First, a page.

Russia urged to explain Syria buildup as diplomatic drive steps up

Russia urged to explain Syria buildup as diplomatic drive steps up

PARIS - Agence France-Presse
Russia urged to explain Syria buildup as diplomatic drive steps up

Germany's Chancellor Merkel gives a news conference after an European Union leaders extraordinary summit on the migrant crisis, in Brussels September 24, 2015. REUTERS/Eric Vidal

Russia faced mounting calls on Sept.24 to explain its intentions in the Syrian conflict as European diplomats met after Germany's leader said President Bashar al-Assad should be involved in any peace talks.

Europe's migrant crisis has given fresh impetus to efforts to end Syria's brutal four-year conflict and the question of Assad's role in an eventual solution is firmly back in the spotlight.
"We have to speak with many actors, this includes Assad, but others as well," German Chancellor Angela Merkel said late on Sept.23.
She was speaking ahead of a meeting in Paris on Sept.24 between the foreign ministers of France, Germany, Britain and EU foreign affairs chief Federica Mogherini, as Europe seeks to revive dormant efforts to resolve the crisis.
"The idea is to clarify positions, to know how each side sees a political transition in Syria, to find a common European position ahead of the UN General Assembly" which begins on Sept.27, a French diplomatic source told AFP.
Russia stoked fresh fears in the West on Sept.24 over its military buildup in Syria by announcing it would hold naval drills in the eastern Mediterranean region in September and October.
While the exercises were not linked to the conflict, they come after a Russian  buildup of troops, tanks and fighter jets in Syria, its long-standing ally.
French Defence Minister Jean-Yves Le Drian called on Moscow to justify the "very significant" buildup and said if its intention was "to protect President Bashar al-Assad", it should say so.
British Defence Secretary Michael Fallon, speaking alongside Le Drian after they held talks, said he was "equally concerned" by the Russian buildup in Syria "which will only complicate what's already a very complicated and difficult situation".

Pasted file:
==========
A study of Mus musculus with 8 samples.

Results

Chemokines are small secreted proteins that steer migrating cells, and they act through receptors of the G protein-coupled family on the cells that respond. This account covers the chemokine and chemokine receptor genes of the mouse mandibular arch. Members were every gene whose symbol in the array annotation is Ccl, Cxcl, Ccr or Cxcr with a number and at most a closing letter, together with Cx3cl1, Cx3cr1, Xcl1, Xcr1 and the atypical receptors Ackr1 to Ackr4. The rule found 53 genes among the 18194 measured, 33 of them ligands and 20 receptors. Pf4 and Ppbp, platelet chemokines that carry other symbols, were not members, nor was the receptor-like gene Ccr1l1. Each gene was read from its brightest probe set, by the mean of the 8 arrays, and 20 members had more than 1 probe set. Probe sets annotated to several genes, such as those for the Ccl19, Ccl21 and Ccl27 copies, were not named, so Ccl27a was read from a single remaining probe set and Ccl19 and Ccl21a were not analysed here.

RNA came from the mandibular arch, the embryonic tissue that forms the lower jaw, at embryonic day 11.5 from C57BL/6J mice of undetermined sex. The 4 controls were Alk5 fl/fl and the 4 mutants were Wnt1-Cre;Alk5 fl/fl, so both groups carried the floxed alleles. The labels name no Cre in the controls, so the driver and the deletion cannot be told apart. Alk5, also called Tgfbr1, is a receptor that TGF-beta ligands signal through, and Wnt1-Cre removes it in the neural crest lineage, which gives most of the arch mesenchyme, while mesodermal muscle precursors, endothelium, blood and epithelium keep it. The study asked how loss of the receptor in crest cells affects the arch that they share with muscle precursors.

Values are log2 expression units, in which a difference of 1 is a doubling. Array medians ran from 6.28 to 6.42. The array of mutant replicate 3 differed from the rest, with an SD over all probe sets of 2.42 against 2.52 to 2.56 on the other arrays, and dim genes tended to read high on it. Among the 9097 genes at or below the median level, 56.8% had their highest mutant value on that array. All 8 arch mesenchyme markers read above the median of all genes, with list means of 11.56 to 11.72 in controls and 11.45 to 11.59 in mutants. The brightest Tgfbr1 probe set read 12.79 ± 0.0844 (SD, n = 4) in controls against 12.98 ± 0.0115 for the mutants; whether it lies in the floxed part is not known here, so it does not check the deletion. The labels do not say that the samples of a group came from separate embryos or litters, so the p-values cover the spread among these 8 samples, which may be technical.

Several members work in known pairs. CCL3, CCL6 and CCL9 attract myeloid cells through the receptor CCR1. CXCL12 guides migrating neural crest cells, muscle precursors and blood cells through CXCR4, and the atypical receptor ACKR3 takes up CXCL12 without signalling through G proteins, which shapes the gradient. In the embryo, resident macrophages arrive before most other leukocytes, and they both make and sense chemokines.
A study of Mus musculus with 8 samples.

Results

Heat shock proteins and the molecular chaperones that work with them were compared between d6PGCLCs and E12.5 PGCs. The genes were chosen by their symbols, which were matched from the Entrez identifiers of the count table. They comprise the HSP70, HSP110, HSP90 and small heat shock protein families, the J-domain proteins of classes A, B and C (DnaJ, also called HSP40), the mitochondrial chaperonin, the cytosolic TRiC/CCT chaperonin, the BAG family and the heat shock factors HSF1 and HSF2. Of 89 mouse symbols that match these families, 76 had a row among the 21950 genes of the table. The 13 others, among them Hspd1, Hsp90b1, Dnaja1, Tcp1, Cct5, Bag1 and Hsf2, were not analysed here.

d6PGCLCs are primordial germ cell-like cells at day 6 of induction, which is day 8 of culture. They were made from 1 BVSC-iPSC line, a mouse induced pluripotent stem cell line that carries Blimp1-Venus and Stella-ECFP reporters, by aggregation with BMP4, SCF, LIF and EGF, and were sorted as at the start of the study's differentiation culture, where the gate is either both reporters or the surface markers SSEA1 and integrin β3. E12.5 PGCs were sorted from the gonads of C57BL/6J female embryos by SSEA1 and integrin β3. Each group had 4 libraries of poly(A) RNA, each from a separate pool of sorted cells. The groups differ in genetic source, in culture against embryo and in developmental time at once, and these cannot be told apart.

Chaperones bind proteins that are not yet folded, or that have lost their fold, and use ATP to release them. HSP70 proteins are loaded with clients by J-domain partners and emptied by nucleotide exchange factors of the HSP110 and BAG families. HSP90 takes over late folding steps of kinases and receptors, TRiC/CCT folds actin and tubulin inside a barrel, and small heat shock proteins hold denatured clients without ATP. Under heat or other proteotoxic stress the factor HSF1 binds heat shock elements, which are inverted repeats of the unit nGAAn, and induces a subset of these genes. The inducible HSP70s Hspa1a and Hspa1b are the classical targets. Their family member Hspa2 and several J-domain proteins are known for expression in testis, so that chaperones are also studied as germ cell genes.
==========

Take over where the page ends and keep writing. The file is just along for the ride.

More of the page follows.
NATO head Jens Stoltenberg also urged Moscow to make its intentions clear and play a constructive role in the fight against the Islamic State of Iraq and the Levant (ISIL).
"There is no doubt that there is a strong Russian presence in the eastern part of Ukraine," Stoltenberg said in an interview with AFP.
Syrian officials have said that Russia is boosting its fight against ISIL which has seized large parts of its territory.
The Syrian military for the first time on Wednesday deployed drones supplied by Russia in its fight against the jihadists, a security source in Damascus said.
"Russian weapons are starting to have an effect in Syria," the official told AFP.
In an interview with Interfax news agency, the Syrian ambassador to Russia Riad Haddad said that Russia's support on the ground "will happen if it is needed."  

"Russia's help will help Syria finally win over terrorist groups," he said, adding that there is a "high level of cooperation" between Syria, Russia and Iran on the conflict.
European leaders, faced with the worst migrant crisis since World War II, called after a summit Wednesday for a "renewed UN-led international effort" to end a war that has forced some 12 million people from their homes.
However significant obstacles remain with major players in the West, Gulf, Russia and Iran pursuing vastly different military and diplomatic tactics.    

Western leaders have long demanded Assad's departure as part of any diplomatic solution, while Russia and Iran want him to stay.
In a sign the Western stance may be softening, Washington and London said recently Assad may not have to step down immediately if a settlement is reached to end Syria's civil war.
But French President Francois Hollande has insisted "there can be no transition without his departure."    

And a German government source warned Merkel's comments signalled "nothing new" as representatives of Assad's regime had often sat at the negotiating table.
"For a political solution one needs Russia, Iran and Saudi Arabia at the table ... that's the challenge."